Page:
FILE – In this July 27, 2020, file photo, nurse Kathe Olmstead prepares a shot that is part of a possible COVID-19 vaccine, developed by the National Institutes of Health and Moderna Inc., in Binghamton, N.Y. Moderna Inc. says it will ask U.S. and European regulators to allow emergency use of its COVID-19 vaccine as new study results confirm the shots offer strong protection. (AP Photo/Hans Pennink, File)
AUSTIN (KXAN) — Texas is expected to receive its first allotment of COVID-19 vaccines in less than two weeks, but with a population of 29 million people, it needs to prioritize who will get it first.
Those who will be at the head of the line are healthcare workers and those at a higher risk if they get sick, according to a COVID-19 Town Hall held Thursday with Travis County health experts. Region 7, which includes Travis, Hays and Williamson Counties, has more than 1 million people with a medical condition considered high risk, 30,000 long-term care residents, 9,000 active EMS providers and 460,000 adults over the age of 65.
But, what about those who don’t meet that criteria? The New York Times’ Opinion section put together a tool that estimates people’s “spot” in the line for vaccines where they live. People fill out a form with their age, county, profession and whether they have health risks.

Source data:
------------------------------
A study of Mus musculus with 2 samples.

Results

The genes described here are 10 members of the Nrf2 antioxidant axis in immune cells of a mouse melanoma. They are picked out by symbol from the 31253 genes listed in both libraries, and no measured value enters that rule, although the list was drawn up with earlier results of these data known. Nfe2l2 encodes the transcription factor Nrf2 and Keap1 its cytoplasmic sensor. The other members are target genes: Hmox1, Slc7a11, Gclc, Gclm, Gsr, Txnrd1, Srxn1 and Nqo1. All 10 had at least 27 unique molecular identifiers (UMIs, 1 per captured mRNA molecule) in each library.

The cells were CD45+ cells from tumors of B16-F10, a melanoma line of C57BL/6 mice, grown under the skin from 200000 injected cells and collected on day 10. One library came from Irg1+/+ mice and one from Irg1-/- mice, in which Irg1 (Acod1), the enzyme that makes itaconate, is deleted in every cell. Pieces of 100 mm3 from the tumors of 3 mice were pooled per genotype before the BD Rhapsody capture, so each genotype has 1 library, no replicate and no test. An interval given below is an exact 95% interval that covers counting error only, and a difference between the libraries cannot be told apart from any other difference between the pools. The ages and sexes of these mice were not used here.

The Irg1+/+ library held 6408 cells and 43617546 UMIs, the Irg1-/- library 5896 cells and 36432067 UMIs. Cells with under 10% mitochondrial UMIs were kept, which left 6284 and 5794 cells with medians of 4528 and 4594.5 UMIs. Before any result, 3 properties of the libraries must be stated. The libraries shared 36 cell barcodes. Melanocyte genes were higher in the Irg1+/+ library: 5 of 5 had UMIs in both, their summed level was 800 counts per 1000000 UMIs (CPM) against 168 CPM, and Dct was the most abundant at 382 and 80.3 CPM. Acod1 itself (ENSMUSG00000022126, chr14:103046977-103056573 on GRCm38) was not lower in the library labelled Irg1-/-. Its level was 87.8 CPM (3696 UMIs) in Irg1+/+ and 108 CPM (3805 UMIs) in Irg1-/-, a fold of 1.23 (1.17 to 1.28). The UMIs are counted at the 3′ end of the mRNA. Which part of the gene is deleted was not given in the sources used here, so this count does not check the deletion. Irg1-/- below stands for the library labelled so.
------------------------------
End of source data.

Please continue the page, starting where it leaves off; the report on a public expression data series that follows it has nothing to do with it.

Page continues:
For example, a 30-year-old health care worker in Travis County with no health risks is behind “very few” others and appears as the third person in a line of 100 people. However, a healthy 30-year-old who doesn’t work as a health care worker, essential worker, first responder or teacher, is estimated to be behind 144.1 million people in the U.S., 12.4 million people in Texas and 459,100 others in Travis County.
The New York Times worked with the Surgo Foundation and Ariadne Labs and used their vaccine tool to help create the estimate. However, the final order of distribution isn’t yet finalized, and the logistics of distributing a vaccine may provide other challenges.
More than 4,000 medical providers in Texas have signed up to administer the vaccines once they’ve been approved and arrive. As of Wednesday, Texas reported more than 1.2 million coronavirus cases and 22,000 deaths.